The European Parliament has backed a motion setting out its position for the Brexit negotiations by 516 to 133.
Although MEPs will not participate directly in the exit talks they will have to vote in favour of the final deal for it to go ahead.
UKIP's Nigel Farage accused MEPs of trying to impose conditions that were "impossible for Britain to comply with" and likened them to the "mafia".
The motion for debate was supported by the two largest groups of MEPs.
It set out general principles at the start of the two year negotiations for the UK to leave the European Union under the Article 50 process.
At a press conference following the vote, Guy Verhofstadt, the European Parliament's Brexit negotiator, said the vote meant that "the UK on the one hand and the [European] Commission on the other hand now know the position of the Parliament, what the red lines are".
He said "the interests of our citizens is our first priority" and called for an early resolution of the status of EU citizens in the UK and UK citizens elsewhere in Europe.
What are the red lines?
The motion backs a number of positions taken by EU leaders, including the need for a "phased approach" to negotiations.
This would require progress on the terms of Britain's withdrawal, including settling financial commitments, before talks on a future trading relationship can start.
It also backs the call for transparency in the talks, and for the UK to be considered liable for financial commitments that apply after it leaves the EU.
It also says:
- transitional arrangements should be time-limited to three years and be enforced by the EU's Court of Justice
- UK citizens in the EU and EU citizens in Britain should receive "reciprocal" treatment
- the final deal should not include a "trade-off" between trade and security co-operation
- the UK should adhere to EU environmental and anti-tax evasion standards to get close trade ties
- the European Banking Authority and European Medicines Agency should be moved out of London
- the UK should pay towards costs for the EU that "arise directly from its withdrawal"
During the debate in Strasbourg Manfred Weber, chairman of the largest group of MEPs, the centre-right European People's Party, said: "Cherry-picking will not happen. A state outside the European Union will not have better conditions than a state inside the European Union."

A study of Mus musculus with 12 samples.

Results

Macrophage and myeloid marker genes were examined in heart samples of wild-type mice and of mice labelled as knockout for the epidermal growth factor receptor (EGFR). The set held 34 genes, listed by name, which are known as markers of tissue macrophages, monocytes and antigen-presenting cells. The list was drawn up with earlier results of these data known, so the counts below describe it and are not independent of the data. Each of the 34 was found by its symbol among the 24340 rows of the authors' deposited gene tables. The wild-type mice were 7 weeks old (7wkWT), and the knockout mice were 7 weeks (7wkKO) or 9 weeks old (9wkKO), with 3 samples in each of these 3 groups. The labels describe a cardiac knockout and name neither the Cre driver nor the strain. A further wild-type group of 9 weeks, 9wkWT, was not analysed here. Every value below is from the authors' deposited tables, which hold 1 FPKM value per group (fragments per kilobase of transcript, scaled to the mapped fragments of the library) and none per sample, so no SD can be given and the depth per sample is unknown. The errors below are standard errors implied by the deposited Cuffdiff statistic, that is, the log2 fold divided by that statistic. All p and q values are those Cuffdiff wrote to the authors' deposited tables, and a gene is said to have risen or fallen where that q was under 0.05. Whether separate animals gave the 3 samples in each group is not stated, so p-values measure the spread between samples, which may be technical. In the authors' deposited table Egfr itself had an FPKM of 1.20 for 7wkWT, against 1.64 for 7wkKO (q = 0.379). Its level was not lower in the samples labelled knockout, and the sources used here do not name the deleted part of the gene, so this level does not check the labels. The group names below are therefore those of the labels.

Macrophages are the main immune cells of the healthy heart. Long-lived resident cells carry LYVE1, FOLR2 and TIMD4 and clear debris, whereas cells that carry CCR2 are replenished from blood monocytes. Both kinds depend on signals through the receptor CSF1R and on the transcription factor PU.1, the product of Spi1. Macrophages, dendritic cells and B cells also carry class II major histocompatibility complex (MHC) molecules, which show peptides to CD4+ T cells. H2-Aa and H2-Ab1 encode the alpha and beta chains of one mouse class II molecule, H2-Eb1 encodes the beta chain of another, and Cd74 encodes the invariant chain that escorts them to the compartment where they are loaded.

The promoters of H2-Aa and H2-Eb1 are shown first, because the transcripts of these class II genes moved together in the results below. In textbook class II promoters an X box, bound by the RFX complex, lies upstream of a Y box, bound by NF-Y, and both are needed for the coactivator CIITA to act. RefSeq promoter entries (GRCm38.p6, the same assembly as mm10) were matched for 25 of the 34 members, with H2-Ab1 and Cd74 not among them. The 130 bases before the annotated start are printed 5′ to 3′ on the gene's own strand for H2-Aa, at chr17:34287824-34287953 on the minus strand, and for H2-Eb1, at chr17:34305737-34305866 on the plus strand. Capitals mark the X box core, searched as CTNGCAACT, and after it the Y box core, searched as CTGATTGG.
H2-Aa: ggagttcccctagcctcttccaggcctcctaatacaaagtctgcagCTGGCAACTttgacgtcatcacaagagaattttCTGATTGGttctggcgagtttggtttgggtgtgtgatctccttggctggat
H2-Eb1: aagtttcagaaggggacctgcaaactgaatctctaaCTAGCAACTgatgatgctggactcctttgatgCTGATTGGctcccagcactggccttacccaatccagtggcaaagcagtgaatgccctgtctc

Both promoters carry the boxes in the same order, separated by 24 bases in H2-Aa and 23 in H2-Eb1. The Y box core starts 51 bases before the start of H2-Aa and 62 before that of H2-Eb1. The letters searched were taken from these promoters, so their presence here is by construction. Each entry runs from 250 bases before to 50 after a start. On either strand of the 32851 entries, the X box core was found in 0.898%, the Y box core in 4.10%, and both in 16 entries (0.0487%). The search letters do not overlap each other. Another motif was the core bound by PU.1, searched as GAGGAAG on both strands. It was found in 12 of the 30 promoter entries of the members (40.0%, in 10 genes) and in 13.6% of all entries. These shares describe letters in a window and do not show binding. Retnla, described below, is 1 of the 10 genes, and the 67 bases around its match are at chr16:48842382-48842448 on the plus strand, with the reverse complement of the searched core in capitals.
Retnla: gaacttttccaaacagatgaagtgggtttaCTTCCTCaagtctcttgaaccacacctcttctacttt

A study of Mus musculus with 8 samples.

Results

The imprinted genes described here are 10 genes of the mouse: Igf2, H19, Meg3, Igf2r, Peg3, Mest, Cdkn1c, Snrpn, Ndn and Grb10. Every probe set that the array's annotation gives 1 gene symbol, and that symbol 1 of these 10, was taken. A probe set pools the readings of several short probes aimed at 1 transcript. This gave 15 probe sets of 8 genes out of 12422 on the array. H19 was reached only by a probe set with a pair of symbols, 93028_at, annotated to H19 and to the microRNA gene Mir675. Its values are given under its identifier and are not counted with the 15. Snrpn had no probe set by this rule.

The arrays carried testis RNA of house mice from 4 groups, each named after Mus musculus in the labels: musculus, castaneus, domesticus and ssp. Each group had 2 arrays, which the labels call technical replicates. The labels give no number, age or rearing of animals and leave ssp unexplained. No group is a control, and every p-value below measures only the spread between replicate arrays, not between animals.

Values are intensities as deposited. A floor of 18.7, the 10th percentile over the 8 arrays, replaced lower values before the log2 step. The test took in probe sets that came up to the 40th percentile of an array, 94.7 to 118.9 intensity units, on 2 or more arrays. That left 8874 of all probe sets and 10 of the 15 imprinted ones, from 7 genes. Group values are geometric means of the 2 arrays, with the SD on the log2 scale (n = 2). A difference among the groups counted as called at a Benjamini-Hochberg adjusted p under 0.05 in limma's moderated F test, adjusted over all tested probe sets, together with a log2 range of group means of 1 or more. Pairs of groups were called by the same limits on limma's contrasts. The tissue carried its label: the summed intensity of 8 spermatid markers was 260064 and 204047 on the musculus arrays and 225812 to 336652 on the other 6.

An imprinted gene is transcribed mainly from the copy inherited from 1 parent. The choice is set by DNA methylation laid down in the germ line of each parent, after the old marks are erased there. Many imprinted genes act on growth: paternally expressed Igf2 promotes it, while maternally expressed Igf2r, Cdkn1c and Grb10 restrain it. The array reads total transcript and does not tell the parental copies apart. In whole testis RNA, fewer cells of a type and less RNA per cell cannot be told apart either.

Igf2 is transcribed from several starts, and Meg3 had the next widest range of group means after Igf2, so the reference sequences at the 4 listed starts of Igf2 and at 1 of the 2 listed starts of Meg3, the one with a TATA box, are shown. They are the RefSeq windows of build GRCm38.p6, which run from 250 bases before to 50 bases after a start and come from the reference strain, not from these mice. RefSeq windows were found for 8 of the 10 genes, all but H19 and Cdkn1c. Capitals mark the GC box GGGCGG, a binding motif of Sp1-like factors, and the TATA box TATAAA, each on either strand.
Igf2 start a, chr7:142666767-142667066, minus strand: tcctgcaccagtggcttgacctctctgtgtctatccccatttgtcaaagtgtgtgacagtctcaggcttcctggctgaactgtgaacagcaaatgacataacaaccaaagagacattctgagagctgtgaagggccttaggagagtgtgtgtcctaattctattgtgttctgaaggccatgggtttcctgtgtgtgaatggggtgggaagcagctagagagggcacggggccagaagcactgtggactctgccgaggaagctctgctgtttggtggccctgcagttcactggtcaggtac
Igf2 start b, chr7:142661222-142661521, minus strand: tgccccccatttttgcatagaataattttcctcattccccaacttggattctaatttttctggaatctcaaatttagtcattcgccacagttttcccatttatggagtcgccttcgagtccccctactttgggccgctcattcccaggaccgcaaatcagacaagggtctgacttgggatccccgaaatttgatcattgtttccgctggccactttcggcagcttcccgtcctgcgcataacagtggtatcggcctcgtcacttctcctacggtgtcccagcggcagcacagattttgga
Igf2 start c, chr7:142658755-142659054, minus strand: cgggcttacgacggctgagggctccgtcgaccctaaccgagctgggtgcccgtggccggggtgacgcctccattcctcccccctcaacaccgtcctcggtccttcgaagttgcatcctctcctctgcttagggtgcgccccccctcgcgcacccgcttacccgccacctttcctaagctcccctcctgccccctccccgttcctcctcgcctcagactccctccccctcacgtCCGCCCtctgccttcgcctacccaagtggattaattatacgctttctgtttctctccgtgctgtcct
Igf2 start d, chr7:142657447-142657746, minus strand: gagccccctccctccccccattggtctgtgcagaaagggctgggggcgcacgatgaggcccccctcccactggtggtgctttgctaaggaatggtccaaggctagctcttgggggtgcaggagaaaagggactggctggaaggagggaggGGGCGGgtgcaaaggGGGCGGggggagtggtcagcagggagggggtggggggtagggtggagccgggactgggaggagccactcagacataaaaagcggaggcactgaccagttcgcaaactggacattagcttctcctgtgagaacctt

Gianni Pitella, chairman of the European Socialists and Democrats also argued that the UK "can not benefit from the same conditions as members do" and added: "If you leave the house, you still have to pay the bills."
The motion is not binding on European Commission officials but President of the European Commission Jean-Claude Juncker told MEPs: "The role of this parliament is more important than ever. You must scrutinise and validate the final agreement."
He added: "We will of course negotiate in friendship and openness and not in a hostile mood, with a country that has brought so much to our union and will remain close to hearts long after they have left, but this is now the time for reason over emotion.
"What's at stake here are the lives of millions of people. Millions have family or professional links to the United Kingdom."
The EU's chief Brexit negotiator, Michel Barnier, warned that "a disunited union could actually lead to there being no deal".
He added: "The 'no deal' scenario is not the scenario we are looking for. We are looking for success, not against the United Kingdom but with the United Kingdom."
Helga Stevens from the Conservatives and Reformists group, which includes MEPs from the UK's ruling Conservative Party, said Brexit "should not be a nasty breakup" and cautioned MEPs against "making excessive demands in advance" of Brexit talks.
"If we do anything less, history will judge us harshly as being small and petty," she claimed.
But UKIP MEP Mr Farage argued: "Already you've made a series of demands which are not just unreasonable but in some cases clearly impossible for Britain to comply with."
He accused the EU of seeking to impose a bill of £52bn on the UK and likened this to "a form of ransom demand", adding: "What you could have mentioned is we're actually shareholders in this building and other assets and actually you should be making an offer to us that we can't refuse, to go."
When he accused MEPs of behaving like the mafia, the parliament's Italian president, Antonio Tajani, intervened to object. Mr Farage responded: "I do understand national sensitivities. I'll change it to gangsters."
The former UKIP leader also insisted that Gibraltar should be a "deal breaker" in any negotiations.
Later, Spanish centre-right MEP Esteban Gonzalez Pons accused the UK government of "preventing Scotland staying part of Europe while at the same time they want... Gibraltar to continue to be a tax haven".
At the post-debate press conference, Mr Tajani emphasised the need to uphold the Good Friday Agreement in Northern Ireland and "working for peace".
He also highlighted security co-operation with the UK, saying: "Terrorists know no borders and they do not care about Brexit."